October 27th, 2019
HWY 60 Picket Post Trailhead mm 487.5 to mm 507
Distance in miles: 19.5
I woke with lots to do still. I needed to go grocery shopping for resupplies, but the store didn’t open until 9 am. MJ made me an omelette and I had more of her delicious fresh bread. She also gave me some of her homemade granola to take away. MJ is a mom, grandma, and even a great grandma and she just loves caring for people.
Al did his part by resupplying the nearby water caches. Today he was off early in his jeep to deliver water to FR4, which had been out of water for some time, making for a 21 mile water-less stretch from Picket post trailhead to the Gila River. I’d be one of the first beneficiaries of his efforts. It took him 3 hours to make the round-trip, but he seemed to enjoy the drive. A friend went along to keep him company. I left some money in their jar to cover some of his gas expenses. Having water delivered to you along the trail is kind of priceless in AZ.
MJ drove me to the grocery store to get my resupplies and then to the trailhead. We found a group of 5 hikers there, hanging out at their van. I met 3 of them in the Mazatzals. They had a flip-flopping, key swapping scheme involving the van. I didn’t understand all the logistics but hey, whatever works. It’s a nice idea to have a support van, especially given the scarcity of water. MJ invited them over to take showers and they seemed really excited about the offer. She would be having 7 dirty hikers in her house, so I was glad I was getting back on the trail.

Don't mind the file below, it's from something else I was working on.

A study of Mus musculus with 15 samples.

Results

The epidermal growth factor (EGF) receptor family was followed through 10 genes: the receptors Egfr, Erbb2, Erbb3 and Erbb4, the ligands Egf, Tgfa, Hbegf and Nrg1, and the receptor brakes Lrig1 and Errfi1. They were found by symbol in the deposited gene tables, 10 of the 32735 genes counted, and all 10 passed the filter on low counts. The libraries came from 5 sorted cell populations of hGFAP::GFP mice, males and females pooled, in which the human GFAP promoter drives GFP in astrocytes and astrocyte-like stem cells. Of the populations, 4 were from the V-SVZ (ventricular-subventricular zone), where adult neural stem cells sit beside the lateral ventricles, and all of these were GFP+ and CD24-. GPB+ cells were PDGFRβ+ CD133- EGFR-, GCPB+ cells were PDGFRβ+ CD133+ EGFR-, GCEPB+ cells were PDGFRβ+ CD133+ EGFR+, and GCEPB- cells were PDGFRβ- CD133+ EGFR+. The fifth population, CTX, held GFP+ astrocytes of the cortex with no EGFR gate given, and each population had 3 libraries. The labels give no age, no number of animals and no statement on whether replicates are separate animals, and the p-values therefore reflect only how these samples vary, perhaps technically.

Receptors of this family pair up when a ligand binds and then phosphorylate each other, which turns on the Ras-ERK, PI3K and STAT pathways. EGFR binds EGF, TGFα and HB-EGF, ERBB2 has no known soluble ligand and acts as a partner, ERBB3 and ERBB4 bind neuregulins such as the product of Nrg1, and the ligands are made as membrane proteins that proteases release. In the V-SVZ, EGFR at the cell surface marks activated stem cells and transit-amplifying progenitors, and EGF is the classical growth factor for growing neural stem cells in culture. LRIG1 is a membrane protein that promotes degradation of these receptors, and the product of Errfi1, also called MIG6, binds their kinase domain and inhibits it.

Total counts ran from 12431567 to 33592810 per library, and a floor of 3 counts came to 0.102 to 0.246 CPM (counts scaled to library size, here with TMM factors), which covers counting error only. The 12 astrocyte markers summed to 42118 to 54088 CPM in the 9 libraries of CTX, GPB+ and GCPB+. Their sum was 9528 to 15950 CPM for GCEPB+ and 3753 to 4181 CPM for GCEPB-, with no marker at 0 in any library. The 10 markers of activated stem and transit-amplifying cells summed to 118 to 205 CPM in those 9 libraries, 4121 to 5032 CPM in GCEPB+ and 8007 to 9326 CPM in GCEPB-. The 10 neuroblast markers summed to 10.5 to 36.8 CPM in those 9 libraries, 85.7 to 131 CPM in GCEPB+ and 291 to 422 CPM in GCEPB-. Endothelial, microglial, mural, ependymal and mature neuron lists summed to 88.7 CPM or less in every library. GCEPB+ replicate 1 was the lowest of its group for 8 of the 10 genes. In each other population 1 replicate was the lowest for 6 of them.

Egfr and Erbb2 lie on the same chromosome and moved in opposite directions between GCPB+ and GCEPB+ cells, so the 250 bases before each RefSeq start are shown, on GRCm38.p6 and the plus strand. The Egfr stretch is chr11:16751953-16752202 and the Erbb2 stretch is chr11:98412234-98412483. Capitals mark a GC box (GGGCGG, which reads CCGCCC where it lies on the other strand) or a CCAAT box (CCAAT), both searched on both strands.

It was late in the morning when I set out and already pretty hot. The trail wound in and around the dry landscape. I crossed over a couple high points and then followed a wash down into the Gila River valley. At one point, I came around a bend and saw a big cat standing in the trail. It was a bobcat, only 30 feet away. We each had that moment of shared surprise and then it bolted away, lightning fast. Bobcats are so beautiful. I couldn’t believe how much wildlife I saw on this trail! So varied, too. I later saw a tiny ribbon snake slither to the side and it stuck me then that it was the first snake I’d seen in Arizona…a state that prides itself in having the most species of just rattlesnakes (13). I had not seen or heard one.
I came to the water cache that Al had just stocked, finding tons of good clean water. I took what I needed for a dry camp, since it was too far to make it to the Gila. I also took a short break, since it was very hot. There were a lot of bees swarming around the cache, attracted to the scent of the water. They kept landing on me, ultimately forcing me to keep moving. I like bees and don’t mind when they land on me. Sometimes I even lightly stroke their backs, like a pet. But I was worried that they might be mixed with the African honey bee, which can make them very aggressive.
I continued up a series of valleys and canyons. The trail was so much better in this section: well graded, the vegetation cut back, and smooth. It cooled down a bit in the late afternoon and I was just loving the experience and geology. The scenery was spectacular. There were buttes, pinnacles, hoodoos, and escarpments everywhere. Plus every kind of cactus. This was the backdrop I always pictured for the AZT.
I went over the high point of the section, getting grand views of the topography to the south, including the Gila River valley. The sun was setting and the desert felt so peaceful. Everything was breathing a sigh of relief, getting that much needed break from the scorching sun. I settled down for the night on a on a small rise with incredible views. It was a bit exposed but worth it. Every time I woke up in the night, I a nearby pinnacle backlit by a universe of stars.